SteamWorld Dig 2 Review - Screenshot 1 of 5

Image & Form’s SteamWorld franchise has become somewhat of a household name among the Nintendo eShops as of late, with games spread across Switch, 3DS, and Wii U gathering almost nothing but praise from players and critics alike. SteamWorld Dig 2, which is perhaps unsurprisingly the sequel to the rather wonderful SteamWorld Dig, has now found its way to the 3DS after an initial launch on Switch last September. Of course, the only question that remains is whether or not this new port is worth your time and money.

Before we get stuck into any comparisons between this version and the one on Switch, though, let’s take a look at the actual game itself. Picking right up where SteamWorld Dig left off, you’ll be taking control of Dorothy (the shop-owner from the first game) as she sets off on an exploration to find her good pal, Rusty. Right from the off, this sequel makes you feel warm and welcome in the familiar glow of the franchise’s world, yet everything appears to be on a much bigger scale; even from its earliest moments, SWD2 hints at a larger world full of more characters to greet you and more ways to level up your very own heroine.


Let’s take the customisation possibilities as an example; the game’s difficulty remains on the slightly-too-easy side of things for the most part, but you can alter your experience according to how you’d like to play. In-game options allow you to display plot-point markers on your map to direct you if you’d like the assistance, but you can just as easily turn these off and be greeted with a sturdier challenge that will present you with a much heavier focus on solo exploration.

It is perhaps the gameplay and level design itself where things have been most significantly revamped, however. Rooms are scattered around the mines containing puzzles that will reward you a prize upon completion and, while this idea was present in the first game, they’ve been taken to a whole other level here. Many puzzles - as enjoyable as they are - are simple enough to blast through in one or two tries, but more than a handful had us grinning at the suddenly cheeky design, forcing us to utilise all of our available skills and equipment in grand swoops of platforming excellence like an overly excitable version of Batman.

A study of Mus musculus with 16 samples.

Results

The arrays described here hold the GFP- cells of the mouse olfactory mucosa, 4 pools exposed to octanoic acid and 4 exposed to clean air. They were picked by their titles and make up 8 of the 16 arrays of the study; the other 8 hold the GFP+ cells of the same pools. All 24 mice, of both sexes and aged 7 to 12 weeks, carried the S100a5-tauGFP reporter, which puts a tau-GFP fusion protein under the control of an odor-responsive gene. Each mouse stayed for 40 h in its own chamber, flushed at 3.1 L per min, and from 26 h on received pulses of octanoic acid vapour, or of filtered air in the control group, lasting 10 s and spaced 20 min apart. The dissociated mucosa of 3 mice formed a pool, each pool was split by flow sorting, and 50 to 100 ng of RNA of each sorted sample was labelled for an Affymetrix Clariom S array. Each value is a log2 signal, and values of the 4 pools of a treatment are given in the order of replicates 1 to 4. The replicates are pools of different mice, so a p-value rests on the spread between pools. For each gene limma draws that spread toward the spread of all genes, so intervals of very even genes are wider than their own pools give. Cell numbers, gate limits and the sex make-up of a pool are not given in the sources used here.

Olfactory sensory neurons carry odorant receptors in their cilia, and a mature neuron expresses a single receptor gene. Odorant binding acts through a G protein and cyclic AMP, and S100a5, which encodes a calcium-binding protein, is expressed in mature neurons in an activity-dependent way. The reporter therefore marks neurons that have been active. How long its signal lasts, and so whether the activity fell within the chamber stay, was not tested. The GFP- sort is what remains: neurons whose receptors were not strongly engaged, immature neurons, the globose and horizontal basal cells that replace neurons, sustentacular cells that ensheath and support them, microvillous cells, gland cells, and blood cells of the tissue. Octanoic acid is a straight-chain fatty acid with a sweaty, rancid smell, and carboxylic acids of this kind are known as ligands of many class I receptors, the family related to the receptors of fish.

The plot and story elements also seem to be a little tighter this time around, with numerous nods to the first instalment and a generally ominous overtone present throughout. This is added to by a wonderful main musical theme that gave us dark and groovy ‘80s synth vibes à la Stranger Things – Netflix’s 2016 sci-fi hit. Some sections within the game’s world feel entirely different, too, including a jungle and a fittingly creepy sci-fi type environment. These areas are a complete breath of fresh air as they introduce new types of scenery and enemies, forcing you to change up the play-style you’ve become accustomed to from other locations. We’d have loved to have seen these areas be explored even further.


Jumping back into hoover these up will add a few hours on, of course – and we’re eager to do just that as the exploration is incredibly fun – but we’d still love a little more story content to flesh out the world further. When our only real complaint is that we want more it’s clear that we’re on to a real winner, and in all honestly it’s hard to find any other areas that we’d change given the chance.

Finally, to provide that comparison between the 3DS version and the Switch release, we have to admit that we are really impressed. While this version could never compete with the Switch from a graphical perspective, the game’s beautifully designed world still shines brightly on 3DS. Menus and maps have been jiggled around nicely to suit the 3DS’ setup, and a solid 60fps performance when playing both in 2D and 3D makes this an excellent port of the game from a technical point of view.



SteamWorld Dig 2 is a wonderful sequel to the already impressive SteamWorld Dig, and this 3DS port of last year’s Switch release does not disappoint. Taking everything that was great from the original, and improving it even further, SWD2 can stand proudly near the top of the list of ‘must play’ titles on the Nintendo eShop. The Switch version of the game might just win the battle over its smaller cousin thanks to its graphical power and TV functionality, but we guarantee you will love every moment of this title no matter which platform you have at your disposal.